Google dives into ISP ocean; will search giant float or sink?

Google's announcement that they have decided to invest in a fiber to the home (FTTN) project will prove to be exciting and disruptive to the community that wins.
Written by Doug Hanchard, Contributor on

Google's announcement that they have decided to invest in a fiber to the home (FTTN) project will prove to be exciting and disruptive to the community that wins.  You can bet that the project will be a political and technical brawl to be selected -- and closely watched by fans and critics. Community activists, technology analysts telecom and cable providers will watch the project unfold and have good and bad things to say. The FCC, no doubt, will  watch and review the success and failures of the project, particularly if they apply for Rural Broadband funding that is available and the winning community qualifies. Initial reaction from FCC Chairman Julius Chenachowski is very excited to say the least. FCC spokeswoman Jen Howard released this statement by the Chairman:

"Big broadband creates big opportunities. This significant trial will provide an American testbed for the next generation of innovative, high-speed Internet apps, devices, and services. The FCC's National Broadband Plan will build upon such private-sector initiatives and will include recommendations for facilitating and accelerating greater investment in broadband, creating jobs and increasing America's global competitiveness."

State and Federal officials will watch as the Google machine comes to town. Imagine the WAL-MART Goliath equivalent of cyberspace coming to your town. Will it crush the local ISP, television and radio media providers? Is this the beginning of Google's spending of its stockpile of $24.5 billion?

Very few Internet Service Providers can get new funding. If there's one company that can afford to build a new network, operate it, and make money at the same time, it's Google. There are a lot of ways the company can go about this project. Its website is not clear in its approach to network architecture and services that will be offered. Here are some likely products it will offer, everything being I.P. and cover the following services:

Voice over I.P. (VOIP), integrated to your Google Voice and Google Mobile phone.

  • The FCC may require service termination to any licensed competitor

Video (Real -time, On-demand and download)

  • Google will not require FCC Broadcast license (confirmed by FCC spokesperson)

Internet Broadband

  • Google has stated it will share the network with competing ISP's.

Energy (Smart Metering / Heating and Air Conditioning management)

  • VPN tunnel between your electricity meter / HVAC equip. and your utility

Security (Firewall, Anti-virus, House Alarm and Fire)

  • Optional value add services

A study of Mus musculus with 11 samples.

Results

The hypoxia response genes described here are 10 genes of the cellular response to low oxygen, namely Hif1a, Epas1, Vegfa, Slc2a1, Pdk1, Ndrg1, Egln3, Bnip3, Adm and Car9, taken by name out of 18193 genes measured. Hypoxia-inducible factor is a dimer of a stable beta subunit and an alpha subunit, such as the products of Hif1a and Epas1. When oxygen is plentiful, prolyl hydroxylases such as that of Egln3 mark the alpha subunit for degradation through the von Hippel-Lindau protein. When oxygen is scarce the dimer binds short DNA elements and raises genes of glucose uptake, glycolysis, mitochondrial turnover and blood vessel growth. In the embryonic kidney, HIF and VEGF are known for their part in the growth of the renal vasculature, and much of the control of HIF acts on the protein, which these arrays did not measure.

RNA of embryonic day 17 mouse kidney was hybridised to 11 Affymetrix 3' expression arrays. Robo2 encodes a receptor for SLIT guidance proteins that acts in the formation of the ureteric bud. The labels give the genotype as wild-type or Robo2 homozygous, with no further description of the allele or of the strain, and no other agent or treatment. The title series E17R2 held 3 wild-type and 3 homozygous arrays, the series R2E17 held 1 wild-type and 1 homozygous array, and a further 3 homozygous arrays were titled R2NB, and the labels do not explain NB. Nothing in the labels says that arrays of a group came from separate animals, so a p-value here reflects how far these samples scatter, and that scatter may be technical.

With the above solutions coming over a fiber network to the home (FTTN), Google would be able to offer a powerful suite of applications and services, as well as other Google products that are already available such as email and YouTube.

Google's experiment will flush out some realities that Google has to face, like customer support, regulatory compliance and the operational costs to operate these services. The business model that Google takes -- and how they will compare to traditional telecom providers -- will be a closely guarded secret.  If Google does well and expands the program, carriers like Verizon are in for a rough ride, not only by its customers, but also the FCC should they begin to file complaints.

The company is not going into this blind. Patrick Pichette, Google's CFO, is a veteran Telecom executive of Bell Canada, the largest telecom provider in Canada. He understands bundled product services and will prove to be a valuable asset going forward.

One thing is certain: Internet Service Providers in the area will feel threatened despite the announcement clearly stating that they will share the infrastructure with other ISPs in the area.

Marketing has never been a Google weakness; its foray into being an Internet provider may wind up being like a lottery show on which community will be chosen. Free publicity and people constantly searching what town or city is going to win will easily pay for itself, probably before they even install the first fiber link. Puzzling some is why Google simply doesn't buy an existing ISP, building upon the model they used when they acquired Grand Central. One possible answer is that it cheaper to build new than renovate, particularly if they build in a new location where fiber does not exist.

Google may become the Broadband version of the Titanic, and with this network, be impossible to sink.